Guest blog – Galaxy Zoo: exploring the universe from the comfort of your sofa

Last month, staff at BioMed Central took a day off from publishing science, to get involved in doing some! One of several citizen science projects engaged in was Galaxy Zoo. Grant Miller and Robert Simpson from Galaxy Zoo tell us more about the project.  

As part of his PhD in astrophysics, Kevin Schawinski was asked to look through a catalogue of almost a million galaxies to sort the spiral-shaped objects from the elliptical ones. This simple two-way split in appearances is fundamental to a galaxy’s evolution, history and astrophysical properties. It’s trivial to tell them apart but no automatic method could reliably perform the same task.

Kevin spent a week working on the problem and managed to go through 50,000 galaxies. Quite a feat, but only a fractional step toward the million in total. He teamed up with a colleague Chris Lintott, from the University of Oxford, UK. Inspired by Stardust@Home the pair decided to ask the public to help and launched a website called Galaxy Zoo in July 2007. The premise was simple: look at one of the galaxies and click one of six buttons to denote it’s shape.

Galaxy Zoo was a runaway hit and 165,000 volunteers classified every one of the million galaxies about 40 times a piece. The resulting catalogue has been used in hundreds of research papers and the website has continued and evolved.

The power of crowd-sourcing

Galaxy Zoo is one form of ‘citizen science‘. It is also a crowdsourcing project. Not only did this allow Galaxy Zoo to complete this daunting task faster than Kevin, it produced a far superior catalogue. Kevin (now a professor at ETH in Zürich, Switzerland) would undoubtedly for example, have gotten some galaxies wrong. Galaxy Zoo however can take 40 votes on each galaxy image and find a statistical measure of the answer. Simple statistics is the power of crowdsourcing in this case. Malevolent classifiers as easily dispensed with as noise in the classification data, and the good intentions of the vast majority win through and make Galaxy Zoo an unparalleled success.

The curious incident of the ‘voorwerp’ in the universe

‘Voorwerp’ noticed using Galaxy Zoo. Image source: Galaxy Zoo

Perhaps more interestingly were the results the science team did not expect Galaxy Zoo to produce. After signing up to try Galaxy Zoo, Hanny van Arkel (a Dutch schoolteacher) saw a strange fuzzy blue blob next to one of the galaxies (see image left) she was asked to classify. She posted the image on the Galaxy Zoo discussion forum and her simple question “what’s this?” ignited a chain of other questions from the science team that they could not answer. The Galaxy Zoo team eventually observed it with the Hubble Space Telescope and discovered it to be a unique object in the universe: a quasar light echo revealing the nature of a nearby black hole.

Hanny’s ‘Voorwerp’ – Dutch for ‘object’ – had been visible in other astronomical surveys but nobody until Hanny had asked what it was. A human’s innate curiosity cannot be replicated by computer code (at least not yet) and such curiosity is required to find odd and interesting voorwerps in data. This kind of serendipitous discovery has been seen several times in Zooniverse projects and are one of the most powerful reasons to let the classifying volunteers see the images and freely explore and discuss them.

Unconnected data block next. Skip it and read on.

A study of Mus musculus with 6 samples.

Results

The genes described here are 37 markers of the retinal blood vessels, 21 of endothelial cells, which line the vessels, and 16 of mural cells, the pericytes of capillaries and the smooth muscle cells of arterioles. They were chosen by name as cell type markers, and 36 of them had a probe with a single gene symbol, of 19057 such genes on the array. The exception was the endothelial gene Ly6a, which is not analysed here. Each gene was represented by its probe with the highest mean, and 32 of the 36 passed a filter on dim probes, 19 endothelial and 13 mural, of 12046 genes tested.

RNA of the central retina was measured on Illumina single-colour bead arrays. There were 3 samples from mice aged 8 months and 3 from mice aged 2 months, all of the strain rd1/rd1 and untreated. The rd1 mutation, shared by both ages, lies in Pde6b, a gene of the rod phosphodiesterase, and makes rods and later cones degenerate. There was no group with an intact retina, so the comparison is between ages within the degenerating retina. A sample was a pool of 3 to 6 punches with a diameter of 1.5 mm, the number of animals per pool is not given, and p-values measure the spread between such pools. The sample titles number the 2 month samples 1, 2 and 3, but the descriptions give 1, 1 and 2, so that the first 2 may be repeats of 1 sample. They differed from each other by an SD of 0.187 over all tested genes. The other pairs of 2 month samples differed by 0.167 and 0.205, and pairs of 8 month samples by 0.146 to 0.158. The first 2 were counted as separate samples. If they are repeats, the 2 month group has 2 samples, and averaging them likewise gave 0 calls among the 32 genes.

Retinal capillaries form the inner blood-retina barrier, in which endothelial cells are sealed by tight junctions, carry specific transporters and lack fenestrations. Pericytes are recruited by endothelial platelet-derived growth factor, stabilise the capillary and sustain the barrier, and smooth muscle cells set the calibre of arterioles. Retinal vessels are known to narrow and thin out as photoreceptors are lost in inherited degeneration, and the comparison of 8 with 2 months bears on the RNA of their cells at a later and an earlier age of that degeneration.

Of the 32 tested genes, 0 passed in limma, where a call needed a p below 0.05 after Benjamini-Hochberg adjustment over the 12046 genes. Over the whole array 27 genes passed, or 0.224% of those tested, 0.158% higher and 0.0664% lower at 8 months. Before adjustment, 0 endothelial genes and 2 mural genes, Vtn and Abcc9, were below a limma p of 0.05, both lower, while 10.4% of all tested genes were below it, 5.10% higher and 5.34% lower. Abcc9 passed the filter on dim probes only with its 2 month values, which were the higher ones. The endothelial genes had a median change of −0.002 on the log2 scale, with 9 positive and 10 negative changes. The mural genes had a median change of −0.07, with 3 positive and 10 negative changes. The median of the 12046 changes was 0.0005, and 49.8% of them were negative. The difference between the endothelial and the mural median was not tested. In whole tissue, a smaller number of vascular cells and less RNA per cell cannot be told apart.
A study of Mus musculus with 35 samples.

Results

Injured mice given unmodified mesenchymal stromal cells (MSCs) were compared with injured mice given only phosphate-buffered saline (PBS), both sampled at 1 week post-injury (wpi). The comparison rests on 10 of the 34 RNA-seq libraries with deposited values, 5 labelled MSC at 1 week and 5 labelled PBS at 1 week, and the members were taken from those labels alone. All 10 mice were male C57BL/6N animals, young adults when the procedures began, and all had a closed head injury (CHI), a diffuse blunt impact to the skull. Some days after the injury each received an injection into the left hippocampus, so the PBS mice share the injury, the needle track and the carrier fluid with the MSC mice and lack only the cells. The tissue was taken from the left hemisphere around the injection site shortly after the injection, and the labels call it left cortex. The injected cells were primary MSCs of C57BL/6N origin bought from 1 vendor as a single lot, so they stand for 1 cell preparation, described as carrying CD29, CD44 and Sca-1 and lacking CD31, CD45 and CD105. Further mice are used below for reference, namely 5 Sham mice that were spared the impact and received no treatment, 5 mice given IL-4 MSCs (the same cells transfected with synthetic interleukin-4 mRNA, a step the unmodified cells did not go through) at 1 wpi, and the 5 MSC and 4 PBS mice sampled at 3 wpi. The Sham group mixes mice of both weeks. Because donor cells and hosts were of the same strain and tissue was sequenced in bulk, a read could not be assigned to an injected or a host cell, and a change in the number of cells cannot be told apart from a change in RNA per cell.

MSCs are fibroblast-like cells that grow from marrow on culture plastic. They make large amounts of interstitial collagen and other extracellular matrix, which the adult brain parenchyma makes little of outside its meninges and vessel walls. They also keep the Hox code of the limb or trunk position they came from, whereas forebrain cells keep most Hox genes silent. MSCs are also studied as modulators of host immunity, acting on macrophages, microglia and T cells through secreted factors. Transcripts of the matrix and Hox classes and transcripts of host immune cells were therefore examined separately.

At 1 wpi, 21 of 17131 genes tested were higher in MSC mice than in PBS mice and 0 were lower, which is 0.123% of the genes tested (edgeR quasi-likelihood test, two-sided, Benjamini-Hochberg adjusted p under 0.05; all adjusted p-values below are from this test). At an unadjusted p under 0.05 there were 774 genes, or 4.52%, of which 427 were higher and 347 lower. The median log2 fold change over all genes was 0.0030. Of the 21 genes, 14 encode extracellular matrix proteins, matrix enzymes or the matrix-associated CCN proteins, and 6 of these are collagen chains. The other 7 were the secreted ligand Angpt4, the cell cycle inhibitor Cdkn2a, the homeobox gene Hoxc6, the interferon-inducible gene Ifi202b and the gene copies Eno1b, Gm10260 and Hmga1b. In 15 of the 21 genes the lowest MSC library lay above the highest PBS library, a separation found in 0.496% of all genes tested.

Zooniverse: the growing family of Galaxy Zoo

Galaxy Zoo spawned a larger collection of projects created by a team in Oxford and now in Chicago too: the Zooniverse. The Zooniverse currently consists of 18 citizen projects, all asking users to help classify large datasets that computers cannot handle. At you can search for exoplanets in data from NASA’s Kepler spacecraft; at the public are sorting cancer cells for Cancer Research UK; at people have to watch nematode worms lay eggs for genetic research; and at volunteers describe amazing animals in photographs taken by automated cameras in Tanzania.

The Zooniverse is not the only player in online citizen science. Projects such as, EyeWire and eBird all have their own approach to the task of crowdsourcing research in protein folding, neuroscience and ornithology respectively. There are likewise many websites and directories for those wishing to take part in citizen science on the web. These are not all just online projects, with many projects asking people to get their hands dirty and actually go out and collect data.

The Zooniverse is currently focussed on building new projects in new areas of research – with recently launched sites including Plankton Portal and Cyclone Center. There is also a redoubled effort to assist volunteers to explore the data on their own. To that end Zoo Tools has been developed, a set of easy-to-use web tools for handling data from Zooniverse projects and sharing that analysis with others.

The Zooniverse’s parent organisation the Citizen Science Alliance runs an open call for projects which you can find here.